Do you have a will? Is it up to date? When is the last time you looked at it? Where is it located? Drawing up a will can be one of those things we might consider to be “once and done”, but the fact is that it is a living document, and should occasionally be revised to reflect changes in your own circumstances, and the world we live in.
It’s Make a Will Month, so no better time to remind ourselves that we want to make things as easy as possible for those responsible for executing our estates. As grandparents, we may have new considerations, so it might be worth your while to pull that document out, or up, and check for these three key items we may have missed.

1) Guardianship and Funding for your Pet(s)

We all heard about Queen Elizabeth’s corgis and where they would end up when she passed, and it is one thing that is often overlooked. Pets need to be assigned an agreed upon guardian, in addition to securing that reasonable funds are available for the care of the life of that pet. Ensure the guardian is aware of the financial and any physical challenges associated with your pet, so that they can accommodate them into their way of life. (FYI, the Queen’s corgis ended up going to Prince Andrew and Sarah Ferguson, so plan carefully.)

2) Digital Assets

If you have a social media account (Facebook, Instagram, Twitter, Tik Tok, etc.), if you email, participate as a content creator, or run a small business online, you own digital assets. This applies even if you are just a “lurker” on these social media accounts. In addition, what apps are you signed in to? Record a list of your digital assets, the associated user names and passwords, and ensure that your Digital Executor is aware of that list’s location. Your Digital Executor should have full access to your online accounts and either be responsible for shutting everything down, or managing it after your death (hosting, etc., which may come with costs). You will want to make sure your Digital Executor is comfortable online; perhaps think about assigning an adult grandchild.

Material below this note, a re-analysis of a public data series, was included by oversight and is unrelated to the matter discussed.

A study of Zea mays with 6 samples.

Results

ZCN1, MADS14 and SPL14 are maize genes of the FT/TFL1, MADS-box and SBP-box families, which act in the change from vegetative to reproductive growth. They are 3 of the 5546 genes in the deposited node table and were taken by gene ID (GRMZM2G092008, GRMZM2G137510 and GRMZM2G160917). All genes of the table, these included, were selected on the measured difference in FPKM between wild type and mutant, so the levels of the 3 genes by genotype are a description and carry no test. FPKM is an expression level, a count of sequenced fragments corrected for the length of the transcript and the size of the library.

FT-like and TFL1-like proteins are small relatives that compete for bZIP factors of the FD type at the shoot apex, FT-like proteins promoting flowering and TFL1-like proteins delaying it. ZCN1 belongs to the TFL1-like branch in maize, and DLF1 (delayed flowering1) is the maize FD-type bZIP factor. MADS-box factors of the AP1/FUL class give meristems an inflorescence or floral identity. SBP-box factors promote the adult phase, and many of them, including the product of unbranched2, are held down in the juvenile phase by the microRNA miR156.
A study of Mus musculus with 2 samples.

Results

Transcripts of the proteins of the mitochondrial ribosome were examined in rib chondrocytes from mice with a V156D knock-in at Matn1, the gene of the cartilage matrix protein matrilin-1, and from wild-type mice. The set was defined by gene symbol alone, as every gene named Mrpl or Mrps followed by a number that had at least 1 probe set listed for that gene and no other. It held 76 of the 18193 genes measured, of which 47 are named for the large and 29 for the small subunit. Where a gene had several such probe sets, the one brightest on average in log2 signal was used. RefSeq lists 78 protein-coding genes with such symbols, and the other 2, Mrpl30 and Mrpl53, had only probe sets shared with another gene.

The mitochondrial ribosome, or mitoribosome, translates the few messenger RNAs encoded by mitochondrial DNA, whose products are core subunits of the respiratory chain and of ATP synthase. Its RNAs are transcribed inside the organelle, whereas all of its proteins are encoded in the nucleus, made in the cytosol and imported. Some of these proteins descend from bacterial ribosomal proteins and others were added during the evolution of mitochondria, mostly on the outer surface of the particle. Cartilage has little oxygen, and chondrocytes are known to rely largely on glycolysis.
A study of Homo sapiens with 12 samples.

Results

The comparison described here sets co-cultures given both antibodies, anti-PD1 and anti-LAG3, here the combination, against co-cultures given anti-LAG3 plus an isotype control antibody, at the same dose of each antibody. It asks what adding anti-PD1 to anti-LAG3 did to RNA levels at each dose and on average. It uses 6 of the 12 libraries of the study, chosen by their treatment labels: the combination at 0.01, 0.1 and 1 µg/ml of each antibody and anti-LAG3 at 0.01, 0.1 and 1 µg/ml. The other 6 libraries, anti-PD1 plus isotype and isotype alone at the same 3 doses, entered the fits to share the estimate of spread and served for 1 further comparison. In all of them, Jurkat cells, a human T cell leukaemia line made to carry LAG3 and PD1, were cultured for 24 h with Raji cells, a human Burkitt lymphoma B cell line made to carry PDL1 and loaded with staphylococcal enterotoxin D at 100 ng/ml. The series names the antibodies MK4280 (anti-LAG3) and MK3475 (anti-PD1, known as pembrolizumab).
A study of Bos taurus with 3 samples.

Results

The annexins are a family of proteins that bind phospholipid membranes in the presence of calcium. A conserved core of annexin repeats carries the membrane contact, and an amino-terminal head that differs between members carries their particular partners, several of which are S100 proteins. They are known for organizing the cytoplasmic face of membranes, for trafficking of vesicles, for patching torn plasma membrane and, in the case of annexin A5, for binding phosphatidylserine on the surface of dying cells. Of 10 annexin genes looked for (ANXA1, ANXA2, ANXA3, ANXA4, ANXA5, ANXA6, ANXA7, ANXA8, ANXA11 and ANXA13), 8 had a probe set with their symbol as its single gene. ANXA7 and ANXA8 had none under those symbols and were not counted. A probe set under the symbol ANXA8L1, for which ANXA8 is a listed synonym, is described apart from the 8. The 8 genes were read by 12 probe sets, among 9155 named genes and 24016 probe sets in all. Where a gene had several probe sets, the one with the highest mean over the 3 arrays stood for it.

3) Keeping Beneficiaries Updated

If it has been a while since you wrote your will, the circumstances of people listed in your will may have changed – death, divorce, marriage, financial situation, etc. Your own personal circumstances (divorce, new grandkids, marriage, step children, etc.) may have also changed.
You may be guardians of your grandchildren, and as such, will need to re-assign guardianship should something happen to you where you are unable to fulfill that role. Remember also when you are making revisions in your will, do not forget to update your life insurance policies also to ensure that the appropriate parties are receiving any financial benefits.
One last note: If you are expecting to be named guardian for your grandchildren in your children’s wills, you should discuss this with them, to ensure that you are both comfortable that this is a role you are prepared to take on financially, and physically.
Where there’s a will, there’s a way…to make life easier for those you leave behind.